Release Date: 10/19/2004
Contact Information: Dean Higuchi, (808) 541-2711, Email: email@example.com
HONOLULU -- The U.S. Environmental Protection Agency's Deputy Administrator Steve Johnson and Pacific Southwest Regional Administrator Wayne Nastri awarded $396,334 in grant funding today to the County of Kauai, and the Anahola Homesteaders Council to redevelop brownfield properties on Kauai.
The EPA also awarded a separate $100,000 environmental justice grant to the Anahola Homesteaders Council to work on finding viable solutions for Anahola's environmental issues.
"These grants will allow Kauai communities to continue their momentum in revitalizing properties that have been sitting idle due to real or even perceived contamination," said Nastri. "The EPA's brownfields program allows cities and towns to turn what once were stumbling blocks into building blocks."
The county of Kauai is receiving $200,000 to inventory potential brownfields sites, perform environmental site assessments and do community outreach and involvement activities.
The Anahola Homesteaders Council on Kauai received $196,334 in brownfields funds for cleanup of hazardous substances on 20-acres of former sugar cane land contaminated with pesticides and herbicides containing arsenic and mercuric compounds. The community plans to redevelop the site into a multi-use town center, with a charter school and affordable housing for elderly residents once cleanup is completed.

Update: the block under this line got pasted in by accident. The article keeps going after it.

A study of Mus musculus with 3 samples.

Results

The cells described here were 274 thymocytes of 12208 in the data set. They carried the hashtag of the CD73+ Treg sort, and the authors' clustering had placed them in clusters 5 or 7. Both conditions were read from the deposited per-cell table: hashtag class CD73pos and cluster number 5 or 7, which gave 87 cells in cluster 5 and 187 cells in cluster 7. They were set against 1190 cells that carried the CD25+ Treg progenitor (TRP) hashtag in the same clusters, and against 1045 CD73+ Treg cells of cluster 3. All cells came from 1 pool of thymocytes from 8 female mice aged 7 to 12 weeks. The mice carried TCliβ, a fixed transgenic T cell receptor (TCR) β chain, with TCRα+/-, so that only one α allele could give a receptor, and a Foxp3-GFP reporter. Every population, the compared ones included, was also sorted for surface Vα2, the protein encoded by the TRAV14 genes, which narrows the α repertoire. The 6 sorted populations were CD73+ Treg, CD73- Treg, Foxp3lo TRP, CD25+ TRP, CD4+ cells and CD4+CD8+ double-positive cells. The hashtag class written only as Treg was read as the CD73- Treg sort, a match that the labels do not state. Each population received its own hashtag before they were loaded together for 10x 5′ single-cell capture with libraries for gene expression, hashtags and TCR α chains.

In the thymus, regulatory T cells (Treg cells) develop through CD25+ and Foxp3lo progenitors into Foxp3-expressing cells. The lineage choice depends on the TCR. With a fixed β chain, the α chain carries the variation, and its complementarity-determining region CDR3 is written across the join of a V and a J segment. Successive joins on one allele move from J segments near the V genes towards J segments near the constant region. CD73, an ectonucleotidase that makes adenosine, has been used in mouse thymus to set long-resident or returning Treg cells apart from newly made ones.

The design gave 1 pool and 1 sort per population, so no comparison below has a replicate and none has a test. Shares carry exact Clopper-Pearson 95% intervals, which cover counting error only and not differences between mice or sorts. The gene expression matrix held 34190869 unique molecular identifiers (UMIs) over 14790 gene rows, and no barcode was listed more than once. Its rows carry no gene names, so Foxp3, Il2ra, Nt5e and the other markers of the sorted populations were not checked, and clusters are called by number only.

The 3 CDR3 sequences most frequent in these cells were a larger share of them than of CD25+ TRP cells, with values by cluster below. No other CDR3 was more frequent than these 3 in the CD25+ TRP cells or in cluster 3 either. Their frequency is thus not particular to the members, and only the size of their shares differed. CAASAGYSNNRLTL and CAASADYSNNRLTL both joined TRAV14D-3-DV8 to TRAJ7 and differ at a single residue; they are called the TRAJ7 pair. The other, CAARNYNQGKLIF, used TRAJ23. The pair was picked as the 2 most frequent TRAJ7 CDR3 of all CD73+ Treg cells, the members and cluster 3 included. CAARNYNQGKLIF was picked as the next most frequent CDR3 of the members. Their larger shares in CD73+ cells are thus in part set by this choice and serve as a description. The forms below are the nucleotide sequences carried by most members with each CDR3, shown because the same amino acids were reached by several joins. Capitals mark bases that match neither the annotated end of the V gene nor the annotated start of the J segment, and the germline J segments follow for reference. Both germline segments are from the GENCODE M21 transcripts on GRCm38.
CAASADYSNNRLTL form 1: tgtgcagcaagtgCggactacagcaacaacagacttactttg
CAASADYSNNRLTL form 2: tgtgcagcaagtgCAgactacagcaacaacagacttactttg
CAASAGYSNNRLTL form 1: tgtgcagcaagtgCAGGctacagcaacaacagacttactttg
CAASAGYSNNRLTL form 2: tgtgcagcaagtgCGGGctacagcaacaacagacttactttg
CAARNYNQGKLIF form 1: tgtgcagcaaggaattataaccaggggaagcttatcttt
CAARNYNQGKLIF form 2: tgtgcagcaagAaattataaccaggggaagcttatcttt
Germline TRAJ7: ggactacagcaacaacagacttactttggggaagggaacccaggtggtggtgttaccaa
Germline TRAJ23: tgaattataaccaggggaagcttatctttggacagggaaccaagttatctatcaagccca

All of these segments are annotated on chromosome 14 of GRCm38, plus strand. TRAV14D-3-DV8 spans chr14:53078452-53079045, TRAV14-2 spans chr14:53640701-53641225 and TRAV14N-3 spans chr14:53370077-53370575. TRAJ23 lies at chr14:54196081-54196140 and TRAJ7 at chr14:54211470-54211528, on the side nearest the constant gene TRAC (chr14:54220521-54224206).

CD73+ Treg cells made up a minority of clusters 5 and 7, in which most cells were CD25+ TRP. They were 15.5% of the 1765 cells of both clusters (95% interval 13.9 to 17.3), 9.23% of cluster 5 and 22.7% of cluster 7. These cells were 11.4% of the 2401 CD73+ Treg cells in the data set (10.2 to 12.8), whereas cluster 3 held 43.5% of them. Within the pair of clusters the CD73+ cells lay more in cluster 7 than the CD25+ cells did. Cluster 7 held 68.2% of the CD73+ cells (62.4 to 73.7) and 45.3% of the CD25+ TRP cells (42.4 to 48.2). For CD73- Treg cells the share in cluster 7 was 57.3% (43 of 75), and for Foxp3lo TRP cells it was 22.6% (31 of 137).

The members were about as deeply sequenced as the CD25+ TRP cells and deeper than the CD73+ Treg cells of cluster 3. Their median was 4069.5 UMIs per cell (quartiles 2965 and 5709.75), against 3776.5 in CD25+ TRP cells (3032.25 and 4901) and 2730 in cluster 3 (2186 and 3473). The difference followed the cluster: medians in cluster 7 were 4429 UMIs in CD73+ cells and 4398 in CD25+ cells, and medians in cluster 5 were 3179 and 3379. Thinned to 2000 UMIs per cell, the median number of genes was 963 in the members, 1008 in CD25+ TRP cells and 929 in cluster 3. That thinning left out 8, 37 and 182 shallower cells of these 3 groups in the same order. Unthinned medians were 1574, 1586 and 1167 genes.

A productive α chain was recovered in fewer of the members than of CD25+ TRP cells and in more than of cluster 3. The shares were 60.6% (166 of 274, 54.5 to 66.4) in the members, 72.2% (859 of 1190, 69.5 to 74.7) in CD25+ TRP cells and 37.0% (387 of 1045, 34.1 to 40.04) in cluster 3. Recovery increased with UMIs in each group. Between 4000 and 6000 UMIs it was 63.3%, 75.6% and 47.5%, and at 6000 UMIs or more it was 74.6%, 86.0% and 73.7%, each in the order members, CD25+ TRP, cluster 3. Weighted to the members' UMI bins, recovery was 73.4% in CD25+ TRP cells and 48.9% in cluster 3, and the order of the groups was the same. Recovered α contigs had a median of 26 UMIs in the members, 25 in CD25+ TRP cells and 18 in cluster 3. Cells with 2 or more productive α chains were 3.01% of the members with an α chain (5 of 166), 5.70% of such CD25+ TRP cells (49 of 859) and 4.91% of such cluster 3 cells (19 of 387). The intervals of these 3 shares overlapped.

The Anahola group will use $100,000 from the EPA's Environmental Justice Program to focus on former agricultural land in Anahola, Kauai, north of Lihue, on Department of Hawaiian Home Lands. The site is currently littered with illegally disposed items such as, automobiles, tires, appliances, batteries, and other household goods. The project will engage and educate the Anahola community in an investigation of their environment and public health issues, and lead to the development of a community plan to assist the residents to work collaboratively to fix some of the environmental problems in the area.
"The environmental justice grant will allow the community to engage in constructive and collaborative problem-solving in order to find solutions to their environmental problems,"said Nastri. "Through our grants the Anahola community can take ownership and responsibility in improving their quality of life.